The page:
British Foreign Secretary William Hague has in a telephone conversation condemned “all acts of violence” in Egypt and the resulting loss of life.
“The Foreign Secretary and the Egyptian Foreign Minister spoke about the tragic violence and loss of life over recent days. The Foreign Secretary emphasized UK condemnation of all acts of violence, whether disproportionate use of force by the security forces or violent actions by some demonstrators,” a British Foreign Office spokesperson said.
Hague also raised the security forces attacks on mosques and churches saying such raids are “unacceptable” as places of worship “must be protected.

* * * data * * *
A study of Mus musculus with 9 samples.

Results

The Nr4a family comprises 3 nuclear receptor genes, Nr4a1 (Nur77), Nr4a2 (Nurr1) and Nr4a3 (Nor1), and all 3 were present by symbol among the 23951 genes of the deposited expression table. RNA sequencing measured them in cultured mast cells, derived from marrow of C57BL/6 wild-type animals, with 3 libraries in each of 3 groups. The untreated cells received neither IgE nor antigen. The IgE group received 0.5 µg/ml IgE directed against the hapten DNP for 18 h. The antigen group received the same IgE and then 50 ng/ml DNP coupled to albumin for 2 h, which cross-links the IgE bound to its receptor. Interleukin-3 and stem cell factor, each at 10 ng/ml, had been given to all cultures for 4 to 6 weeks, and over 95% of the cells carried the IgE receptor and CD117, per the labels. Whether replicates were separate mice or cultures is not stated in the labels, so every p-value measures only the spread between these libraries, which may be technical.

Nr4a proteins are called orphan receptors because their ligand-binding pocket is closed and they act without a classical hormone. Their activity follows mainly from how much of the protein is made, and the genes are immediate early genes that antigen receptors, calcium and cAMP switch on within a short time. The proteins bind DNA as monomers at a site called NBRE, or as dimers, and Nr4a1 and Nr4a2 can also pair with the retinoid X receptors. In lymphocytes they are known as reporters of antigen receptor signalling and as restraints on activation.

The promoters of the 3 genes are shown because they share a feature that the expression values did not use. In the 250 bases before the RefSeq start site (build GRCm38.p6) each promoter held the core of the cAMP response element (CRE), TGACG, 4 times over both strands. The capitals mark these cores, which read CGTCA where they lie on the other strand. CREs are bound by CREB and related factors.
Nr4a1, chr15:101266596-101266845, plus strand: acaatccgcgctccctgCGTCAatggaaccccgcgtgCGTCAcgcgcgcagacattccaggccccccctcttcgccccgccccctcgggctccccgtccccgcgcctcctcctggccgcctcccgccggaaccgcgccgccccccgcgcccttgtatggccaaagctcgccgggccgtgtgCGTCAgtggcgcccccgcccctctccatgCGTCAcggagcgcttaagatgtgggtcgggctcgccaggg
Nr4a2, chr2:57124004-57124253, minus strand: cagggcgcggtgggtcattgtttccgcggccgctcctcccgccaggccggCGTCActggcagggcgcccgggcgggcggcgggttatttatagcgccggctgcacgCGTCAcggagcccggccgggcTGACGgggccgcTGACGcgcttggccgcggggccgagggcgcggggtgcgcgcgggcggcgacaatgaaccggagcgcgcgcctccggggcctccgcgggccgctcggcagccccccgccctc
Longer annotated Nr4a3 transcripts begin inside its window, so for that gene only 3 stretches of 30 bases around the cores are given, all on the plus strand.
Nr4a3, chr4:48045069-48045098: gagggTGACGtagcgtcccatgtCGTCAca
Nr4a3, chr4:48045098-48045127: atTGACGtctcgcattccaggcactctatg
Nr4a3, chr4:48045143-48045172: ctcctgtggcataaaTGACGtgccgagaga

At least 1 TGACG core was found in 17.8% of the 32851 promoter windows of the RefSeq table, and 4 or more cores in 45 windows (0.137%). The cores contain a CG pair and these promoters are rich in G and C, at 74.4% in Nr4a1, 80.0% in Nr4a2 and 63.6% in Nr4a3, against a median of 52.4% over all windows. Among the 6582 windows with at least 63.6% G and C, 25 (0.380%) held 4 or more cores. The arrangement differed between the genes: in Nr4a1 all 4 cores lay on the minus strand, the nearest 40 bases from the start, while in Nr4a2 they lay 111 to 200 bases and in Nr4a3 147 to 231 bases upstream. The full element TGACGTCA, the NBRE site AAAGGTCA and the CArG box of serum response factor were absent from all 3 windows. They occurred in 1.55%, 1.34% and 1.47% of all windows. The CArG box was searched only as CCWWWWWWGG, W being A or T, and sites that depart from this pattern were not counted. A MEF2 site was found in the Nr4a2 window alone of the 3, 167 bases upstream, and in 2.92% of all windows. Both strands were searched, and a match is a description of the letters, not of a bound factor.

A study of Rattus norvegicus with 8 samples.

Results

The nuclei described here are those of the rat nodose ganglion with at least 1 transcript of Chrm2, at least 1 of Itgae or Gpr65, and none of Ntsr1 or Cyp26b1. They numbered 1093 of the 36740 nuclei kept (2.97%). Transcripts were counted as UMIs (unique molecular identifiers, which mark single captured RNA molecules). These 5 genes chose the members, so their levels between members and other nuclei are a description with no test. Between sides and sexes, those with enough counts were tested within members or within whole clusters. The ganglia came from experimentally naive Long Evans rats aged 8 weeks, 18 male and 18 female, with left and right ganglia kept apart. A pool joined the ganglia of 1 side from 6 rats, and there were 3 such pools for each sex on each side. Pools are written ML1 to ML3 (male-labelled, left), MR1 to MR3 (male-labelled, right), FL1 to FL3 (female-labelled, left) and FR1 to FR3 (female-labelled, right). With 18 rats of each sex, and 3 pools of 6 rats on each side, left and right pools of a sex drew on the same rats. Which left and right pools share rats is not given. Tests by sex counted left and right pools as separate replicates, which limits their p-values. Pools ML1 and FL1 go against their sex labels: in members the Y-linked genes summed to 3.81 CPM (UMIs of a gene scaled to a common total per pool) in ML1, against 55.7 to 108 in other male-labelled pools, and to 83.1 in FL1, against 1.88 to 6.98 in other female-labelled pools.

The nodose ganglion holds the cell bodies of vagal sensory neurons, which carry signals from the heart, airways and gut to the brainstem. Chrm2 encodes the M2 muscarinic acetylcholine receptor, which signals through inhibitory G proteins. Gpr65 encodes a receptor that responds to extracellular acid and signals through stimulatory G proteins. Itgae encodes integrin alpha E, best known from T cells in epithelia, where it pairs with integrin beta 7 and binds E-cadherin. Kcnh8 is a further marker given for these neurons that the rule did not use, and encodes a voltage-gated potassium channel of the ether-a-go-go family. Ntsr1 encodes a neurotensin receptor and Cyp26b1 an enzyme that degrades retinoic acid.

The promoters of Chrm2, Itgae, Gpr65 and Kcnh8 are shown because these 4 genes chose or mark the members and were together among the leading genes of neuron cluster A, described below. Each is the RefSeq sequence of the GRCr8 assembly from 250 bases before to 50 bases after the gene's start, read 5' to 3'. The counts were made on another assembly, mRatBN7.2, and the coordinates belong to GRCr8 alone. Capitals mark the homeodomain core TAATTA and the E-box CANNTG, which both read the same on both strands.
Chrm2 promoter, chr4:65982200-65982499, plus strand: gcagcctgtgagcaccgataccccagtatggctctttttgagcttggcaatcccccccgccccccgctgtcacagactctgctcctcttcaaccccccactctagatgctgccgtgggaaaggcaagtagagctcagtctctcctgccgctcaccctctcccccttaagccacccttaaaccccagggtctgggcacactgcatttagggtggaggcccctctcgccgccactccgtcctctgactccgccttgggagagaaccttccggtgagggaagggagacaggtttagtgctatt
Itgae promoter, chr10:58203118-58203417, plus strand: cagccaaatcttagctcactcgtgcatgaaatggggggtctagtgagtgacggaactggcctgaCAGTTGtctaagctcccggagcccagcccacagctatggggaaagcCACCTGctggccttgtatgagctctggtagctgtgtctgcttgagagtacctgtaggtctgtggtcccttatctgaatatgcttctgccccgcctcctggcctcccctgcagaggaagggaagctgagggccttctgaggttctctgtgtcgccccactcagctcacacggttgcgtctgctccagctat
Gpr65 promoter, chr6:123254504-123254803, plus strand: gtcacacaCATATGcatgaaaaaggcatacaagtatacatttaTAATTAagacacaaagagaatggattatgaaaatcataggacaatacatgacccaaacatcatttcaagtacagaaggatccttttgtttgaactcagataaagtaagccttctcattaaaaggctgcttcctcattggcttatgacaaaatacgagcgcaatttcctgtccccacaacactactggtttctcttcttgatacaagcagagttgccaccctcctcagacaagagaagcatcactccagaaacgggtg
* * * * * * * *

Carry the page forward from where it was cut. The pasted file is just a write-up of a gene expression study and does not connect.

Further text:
Hague further stressed Cairo’s commitment to dialogue and called for an end to violence in Egypt.
The development comes after Egyptian security forces and opponents of the Muslim Brotherhood, whose affiliated President Mohammed Morsi was ousted on July 3 by the army, fired at pro-Morsi supporters on Friday, killing at least 173 people and injured 1,330 more.
The Friday nationwide protests were called by the Muslim Brotherhood against the Egyptian army.
The so-called “Friday of Rage” followed the bloody Wednesday demonstrations that faced a brutal crackdown by security forces, leaving some 640 dead and hundreds of others injured.
Egyptian security forces have also faced condemnation of the United Nations for their raids on religious places including mosques and churches in pursuit of demonstrators.
Hague’s call comes as Britain remains one of the major arms exporters to Egypt.